Monday, September 02, 2013

I Don't Get Around Much Any More

I received a telephone call from Our Glorious Leader on Saturday, welcome not least because any call from him usually presages larks and adventures to some degree, but especially on this occasion because it turned out that he had about a hundred CDs for me to sign as part of the successful Kickstarter-led release of the fifth Songs from The Blue House album, ‘Live’. We had always intended the fifth of our releases to be recorded in front of an audience as this would mean that we could give it a suitably packaged title to follow our sophomore* effort Too, which was in turn followed by Tree and then IV. At one point we discussed presenting the CD in a small fruit container to emphasise that the title was a small play on words, or ‘punnet’. Why my career in marketing hasn’t blazed like a comet across the firmament is a mystery to me, it really is.  
I listened to it in the car this morning, and it really is a thing of wonder. I’m as much a fan of the band as I am a member and although I’m not suggesting this is our Rock of Ages (the last time we made a reference to The Band a kindly reviewer helpfully pointed out that we were ‘deluded’) there are real moments of clarity when the realisation that we didn’t just write these songs, but that we lived them cuts like a knife. Breaking These Rocks is a genuine commentary on (then) current affairs which goes where hard science can’t, Song V is a true story set in root-fifth Cinemascope, counterpart Song III is a three act Linklater screenplay performed in four and a half minutes. Of course there is shade at the heart of the performance in that although we’re not quite at the stage of being "Hilton Valentine’s Animals", over the course of a decade there will inevitably be some comings and goings – of the original line up Jimmy quit for one, and then Jody got married – and that the performance we recorded was actually the launch gig for our previous album gives some clue as to the recent slackening off in our work rate.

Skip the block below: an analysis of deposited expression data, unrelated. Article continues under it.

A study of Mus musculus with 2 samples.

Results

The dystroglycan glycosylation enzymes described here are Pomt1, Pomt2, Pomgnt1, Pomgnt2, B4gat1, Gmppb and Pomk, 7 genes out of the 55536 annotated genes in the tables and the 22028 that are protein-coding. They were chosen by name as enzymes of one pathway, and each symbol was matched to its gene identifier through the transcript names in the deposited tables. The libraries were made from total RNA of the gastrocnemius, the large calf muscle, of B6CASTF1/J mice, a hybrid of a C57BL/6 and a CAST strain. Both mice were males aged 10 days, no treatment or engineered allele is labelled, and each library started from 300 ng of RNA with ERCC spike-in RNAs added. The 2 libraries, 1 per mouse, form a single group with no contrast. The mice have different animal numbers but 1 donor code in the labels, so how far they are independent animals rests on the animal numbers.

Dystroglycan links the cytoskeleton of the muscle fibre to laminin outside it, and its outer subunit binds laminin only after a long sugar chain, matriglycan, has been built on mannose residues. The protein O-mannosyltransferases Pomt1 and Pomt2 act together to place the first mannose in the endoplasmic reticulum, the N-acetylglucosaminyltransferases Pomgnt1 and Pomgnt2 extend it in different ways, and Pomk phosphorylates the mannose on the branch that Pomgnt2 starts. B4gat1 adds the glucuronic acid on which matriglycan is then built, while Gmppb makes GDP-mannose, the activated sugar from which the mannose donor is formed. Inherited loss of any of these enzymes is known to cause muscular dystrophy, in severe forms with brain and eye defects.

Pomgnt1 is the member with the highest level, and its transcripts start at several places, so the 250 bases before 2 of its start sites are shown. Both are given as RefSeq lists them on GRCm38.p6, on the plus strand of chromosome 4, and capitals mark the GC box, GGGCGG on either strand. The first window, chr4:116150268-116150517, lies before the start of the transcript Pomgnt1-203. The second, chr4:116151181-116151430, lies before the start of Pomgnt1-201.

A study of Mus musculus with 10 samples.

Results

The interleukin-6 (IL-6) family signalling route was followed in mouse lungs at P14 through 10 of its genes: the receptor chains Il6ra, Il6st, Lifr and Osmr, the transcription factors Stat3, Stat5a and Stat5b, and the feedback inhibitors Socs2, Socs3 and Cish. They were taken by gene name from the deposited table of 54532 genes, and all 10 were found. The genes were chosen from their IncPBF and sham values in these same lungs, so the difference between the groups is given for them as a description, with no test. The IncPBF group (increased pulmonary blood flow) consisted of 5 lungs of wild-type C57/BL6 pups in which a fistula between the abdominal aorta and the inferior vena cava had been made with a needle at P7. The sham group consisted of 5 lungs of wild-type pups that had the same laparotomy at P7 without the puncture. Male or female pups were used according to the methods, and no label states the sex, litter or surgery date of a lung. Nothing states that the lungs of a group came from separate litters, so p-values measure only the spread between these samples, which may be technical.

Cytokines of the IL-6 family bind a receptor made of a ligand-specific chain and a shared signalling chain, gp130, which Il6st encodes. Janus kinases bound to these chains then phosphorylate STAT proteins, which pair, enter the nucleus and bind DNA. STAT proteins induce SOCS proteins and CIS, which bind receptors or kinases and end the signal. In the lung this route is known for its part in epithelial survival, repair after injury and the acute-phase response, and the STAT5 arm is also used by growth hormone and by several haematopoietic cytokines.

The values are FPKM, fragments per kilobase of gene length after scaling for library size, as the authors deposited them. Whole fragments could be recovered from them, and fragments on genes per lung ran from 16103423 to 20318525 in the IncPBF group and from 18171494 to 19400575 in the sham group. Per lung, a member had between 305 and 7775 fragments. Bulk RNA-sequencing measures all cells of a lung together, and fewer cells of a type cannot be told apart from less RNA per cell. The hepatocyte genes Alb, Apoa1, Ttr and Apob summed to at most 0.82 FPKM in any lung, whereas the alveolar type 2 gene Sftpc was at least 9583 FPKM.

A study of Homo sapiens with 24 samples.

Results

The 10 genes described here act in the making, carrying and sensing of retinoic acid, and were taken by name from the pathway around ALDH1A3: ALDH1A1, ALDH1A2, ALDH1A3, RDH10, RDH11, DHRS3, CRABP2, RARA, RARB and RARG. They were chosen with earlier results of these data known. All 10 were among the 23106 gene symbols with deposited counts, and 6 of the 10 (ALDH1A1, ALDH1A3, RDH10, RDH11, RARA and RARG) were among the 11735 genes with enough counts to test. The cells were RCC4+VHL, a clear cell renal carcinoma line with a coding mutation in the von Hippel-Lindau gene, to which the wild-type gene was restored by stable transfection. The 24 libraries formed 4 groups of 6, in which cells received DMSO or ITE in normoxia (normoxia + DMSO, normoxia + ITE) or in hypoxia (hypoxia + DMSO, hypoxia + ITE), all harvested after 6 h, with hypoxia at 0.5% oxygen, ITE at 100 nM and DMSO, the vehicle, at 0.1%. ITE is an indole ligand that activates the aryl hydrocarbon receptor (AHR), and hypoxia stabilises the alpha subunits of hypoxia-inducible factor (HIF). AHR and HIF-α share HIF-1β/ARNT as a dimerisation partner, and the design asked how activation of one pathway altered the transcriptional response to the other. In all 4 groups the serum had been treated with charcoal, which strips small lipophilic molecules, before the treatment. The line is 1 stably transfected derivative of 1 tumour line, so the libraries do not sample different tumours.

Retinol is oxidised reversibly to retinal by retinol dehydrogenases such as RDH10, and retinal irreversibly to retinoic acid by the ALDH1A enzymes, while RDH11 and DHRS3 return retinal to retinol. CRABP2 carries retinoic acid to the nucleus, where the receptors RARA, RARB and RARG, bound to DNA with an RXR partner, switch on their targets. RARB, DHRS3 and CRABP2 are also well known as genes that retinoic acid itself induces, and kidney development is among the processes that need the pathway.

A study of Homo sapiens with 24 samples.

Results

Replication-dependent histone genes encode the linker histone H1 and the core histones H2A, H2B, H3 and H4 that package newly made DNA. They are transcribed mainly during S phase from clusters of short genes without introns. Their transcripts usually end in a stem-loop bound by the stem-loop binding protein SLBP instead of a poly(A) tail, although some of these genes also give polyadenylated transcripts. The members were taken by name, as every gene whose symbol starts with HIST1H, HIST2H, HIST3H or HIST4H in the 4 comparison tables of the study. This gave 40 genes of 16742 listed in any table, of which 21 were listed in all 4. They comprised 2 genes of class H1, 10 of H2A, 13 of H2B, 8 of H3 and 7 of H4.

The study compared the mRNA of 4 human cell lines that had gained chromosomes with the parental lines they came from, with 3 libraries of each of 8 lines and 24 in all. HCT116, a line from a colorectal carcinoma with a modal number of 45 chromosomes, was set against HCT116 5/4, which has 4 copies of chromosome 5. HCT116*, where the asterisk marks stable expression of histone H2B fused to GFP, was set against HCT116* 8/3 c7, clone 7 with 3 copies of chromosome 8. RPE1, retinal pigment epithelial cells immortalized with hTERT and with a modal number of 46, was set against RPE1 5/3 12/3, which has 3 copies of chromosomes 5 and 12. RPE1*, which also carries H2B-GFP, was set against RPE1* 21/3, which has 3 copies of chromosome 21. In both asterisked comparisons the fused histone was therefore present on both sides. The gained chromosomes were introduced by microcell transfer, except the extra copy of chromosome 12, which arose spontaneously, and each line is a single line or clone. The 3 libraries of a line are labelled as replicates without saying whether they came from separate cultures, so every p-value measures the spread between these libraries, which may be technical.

As fascinating to me as its parent album is the associated outtakes and rarities collection** put together as one of the packages we hoped to entice our online benefactors with. There is our very first demo version of Bike – sounding pretty much the same as the version that kicks off the live album. There’s the version of Fairport Convention’s Rosie which we put together for Ces, that brace of psych-folk Beatles reworkings, Gibbon’s close harmony-led gospel version of When God Created Angels, the instrumental from our Steely Dan period that we never got round to finding lyrics for, the one that, conversely, we had two fully formed sets of words to decide between, the Judas Priest cover.
As I say, we didn’t just record this music, we lived it, and there’s a side to me which is gets more melancholy by each day that it looks increasingly like we won’t be living it again any time soon. Mind you, one guy did pick up the House Concert option on Kickstarter. He’s asked if we can do it at his place in the South of France…                      
You can find our music at  
*Annoying, isn’t it?
**I’m fully aware that in terms of our commercial profile, pretty much everything we’ve ever released is a rarity.